The Common Greenshank,Tringa nebularia, is a heavily built wader which enjoys its own company. They are usually found alone or in pairs, but rarely in a big group. They have a white head and neck marked with dark grey flecks, a white eye ring, and a white underbody. The grey-brown wings of adults is distinguishable from the browner colour present in young birds. A dark outer-wing and white rump can be seen when in flight, as well as a white wedge on their backs.
Common greenshank

In the non-breeding season, their plumage is a smooth grey-brown on their wings and back. Their breast is slightly speckled with a white belly. During breeding season, they have black chevrons (V-shaped marks) on their chests and their upper bodies are more noticeably streaked.  

Common greenshank - non-breeding plumage
Non-breeding plumage - October to March
Common greenshank - breeding plumage
Breeding plumage - April to September

To help distinguish the Common Greenshank from the physically similar Marsh Sandpiper, T. stagnatilis, take note of the slender and needle-like bill of the Marsh Sandpiper, in contrast to the upturned bill of the Greenshank. The rapid “choo, choo, choo” flight call can be used to help identify Greenshanks and their tendency to bob their heads when alarmed.

Common greenshank
Common Greenshank
Marsh sandpiper
Marsh Sandpiper
Common Greenshanks tend to occupy a variety of inland wetland and coastal habitats, such as mudflats, mangroves, sewage farms, and swamps. Their dark green-grey bills are used to search the surface of mudflats and shallows for molluscs, small fish, crustaceans, and other invertebrates to eat during the day and night. Long yellow-green legs allow them to walk along the shoreline and chase fish in shallow water.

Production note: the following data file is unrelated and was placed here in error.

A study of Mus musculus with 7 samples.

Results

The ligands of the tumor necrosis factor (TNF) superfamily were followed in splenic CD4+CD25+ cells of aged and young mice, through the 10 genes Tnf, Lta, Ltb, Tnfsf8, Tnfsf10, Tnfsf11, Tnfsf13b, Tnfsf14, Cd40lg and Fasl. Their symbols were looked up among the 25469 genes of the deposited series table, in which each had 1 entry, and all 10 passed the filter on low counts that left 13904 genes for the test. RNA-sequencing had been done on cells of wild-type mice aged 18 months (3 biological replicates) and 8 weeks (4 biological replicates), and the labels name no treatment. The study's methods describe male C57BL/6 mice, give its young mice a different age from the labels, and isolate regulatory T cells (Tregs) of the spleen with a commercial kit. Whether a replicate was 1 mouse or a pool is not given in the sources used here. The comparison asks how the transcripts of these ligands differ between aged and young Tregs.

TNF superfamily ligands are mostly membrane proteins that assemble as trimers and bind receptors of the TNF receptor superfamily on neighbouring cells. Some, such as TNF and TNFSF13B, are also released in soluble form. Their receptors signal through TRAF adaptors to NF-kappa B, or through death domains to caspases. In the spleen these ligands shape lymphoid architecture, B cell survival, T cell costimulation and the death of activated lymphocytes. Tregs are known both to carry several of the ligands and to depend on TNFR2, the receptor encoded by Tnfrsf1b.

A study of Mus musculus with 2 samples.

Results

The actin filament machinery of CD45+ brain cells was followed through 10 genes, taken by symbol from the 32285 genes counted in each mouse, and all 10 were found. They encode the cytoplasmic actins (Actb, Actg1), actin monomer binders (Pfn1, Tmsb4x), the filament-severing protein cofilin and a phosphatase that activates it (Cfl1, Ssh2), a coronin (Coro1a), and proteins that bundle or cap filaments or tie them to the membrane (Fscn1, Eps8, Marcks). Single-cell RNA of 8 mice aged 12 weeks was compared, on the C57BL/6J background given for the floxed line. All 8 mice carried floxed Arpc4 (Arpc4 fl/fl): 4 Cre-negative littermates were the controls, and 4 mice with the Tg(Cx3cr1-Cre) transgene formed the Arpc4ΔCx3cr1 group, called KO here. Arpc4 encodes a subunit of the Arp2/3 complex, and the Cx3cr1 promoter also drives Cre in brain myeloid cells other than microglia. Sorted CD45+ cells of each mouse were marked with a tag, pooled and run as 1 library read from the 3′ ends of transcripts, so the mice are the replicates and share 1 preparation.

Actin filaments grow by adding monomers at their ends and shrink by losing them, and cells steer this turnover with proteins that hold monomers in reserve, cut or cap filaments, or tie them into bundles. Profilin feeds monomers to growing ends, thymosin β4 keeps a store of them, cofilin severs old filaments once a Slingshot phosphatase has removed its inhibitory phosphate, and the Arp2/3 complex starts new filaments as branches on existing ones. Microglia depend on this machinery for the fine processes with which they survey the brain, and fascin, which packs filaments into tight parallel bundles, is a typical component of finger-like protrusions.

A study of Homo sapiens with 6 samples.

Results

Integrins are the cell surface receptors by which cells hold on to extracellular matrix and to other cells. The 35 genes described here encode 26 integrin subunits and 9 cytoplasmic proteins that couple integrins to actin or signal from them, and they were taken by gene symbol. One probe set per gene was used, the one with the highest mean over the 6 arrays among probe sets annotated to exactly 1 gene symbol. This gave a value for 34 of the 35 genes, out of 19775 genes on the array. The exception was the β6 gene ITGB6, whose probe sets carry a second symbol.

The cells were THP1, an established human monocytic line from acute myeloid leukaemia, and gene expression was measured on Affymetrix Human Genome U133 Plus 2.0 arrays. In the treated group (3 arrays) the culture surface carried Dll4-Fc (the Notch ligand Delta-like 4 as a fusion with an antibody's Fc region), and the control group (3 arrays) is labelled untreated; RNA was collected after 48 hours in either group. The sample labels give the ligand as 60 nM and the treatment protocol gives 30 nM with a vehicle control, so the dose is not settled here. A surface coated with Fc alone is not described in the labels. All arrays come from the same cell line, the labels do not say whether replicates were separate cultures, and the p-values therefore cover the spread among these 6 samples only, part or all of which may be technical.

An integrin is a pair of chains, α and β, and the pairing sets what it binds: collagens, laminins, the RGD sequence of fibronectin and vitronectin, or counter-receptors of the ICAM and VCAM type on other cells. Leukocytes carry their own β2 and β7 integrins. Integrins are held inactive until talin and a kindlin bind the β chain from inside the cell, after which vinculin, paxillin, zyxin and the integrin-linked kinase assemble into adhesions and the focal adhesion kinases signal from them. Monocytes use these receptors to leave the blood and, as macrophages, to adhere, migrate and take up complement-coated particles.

Meet The Shorebirds distribution map - Common Greenshank

Although they don’t breed in Australia, Common Greenshanks have the widest distribution of any shorebird in the country and are commonly seen in the summer. They are also found throughout coastal Asia, the Indian subcontinent, Africa, the Philippines and southern New Guinea.  Waves of Common Greenshanks leave Australia in February and early March to fly north to the Arctic region to breed. Some of the birds from southern Australia fly up to northern Australia and leave at the same time as the northern populations, whereas other southern populations leave at a later time.

Male Greenshanks will establish a territory and engage in display flights, during which they rise up and down in the air and sing. They will also often build multiple nests near solid structures such as rocks or trees, lining them with feathers and vegetation before a female will select one. Both males and females share the incubation and raising of the young.

Four eggs of a Common Greenshank in a nest on the ground
Greenshank nest with eggs.

Conservation Status

IUCN Red List

Least Concern

Australian EPBC Act

Least Concern

Similar Species

Image credits:
Stephanie Stylli
Stephanie has volunteered as an Ambassador Program Project Officer for Wing Threads through Remember the Wild, Australia’s first nature connection charity, since 2018. She holds a Bachelor of Science majoring in Zoology from The University of Melbourne.
Book cover for A Shorebird Flying Adventure

A Shorebird Flying Adventure


Milly Formby is a zoologist and illustrator of the children’s book A Shorebird Flying Adventure (CSIRO Publishing).  She is currently flying her microlight around Australia for Wing Threads: Flight Around Oz.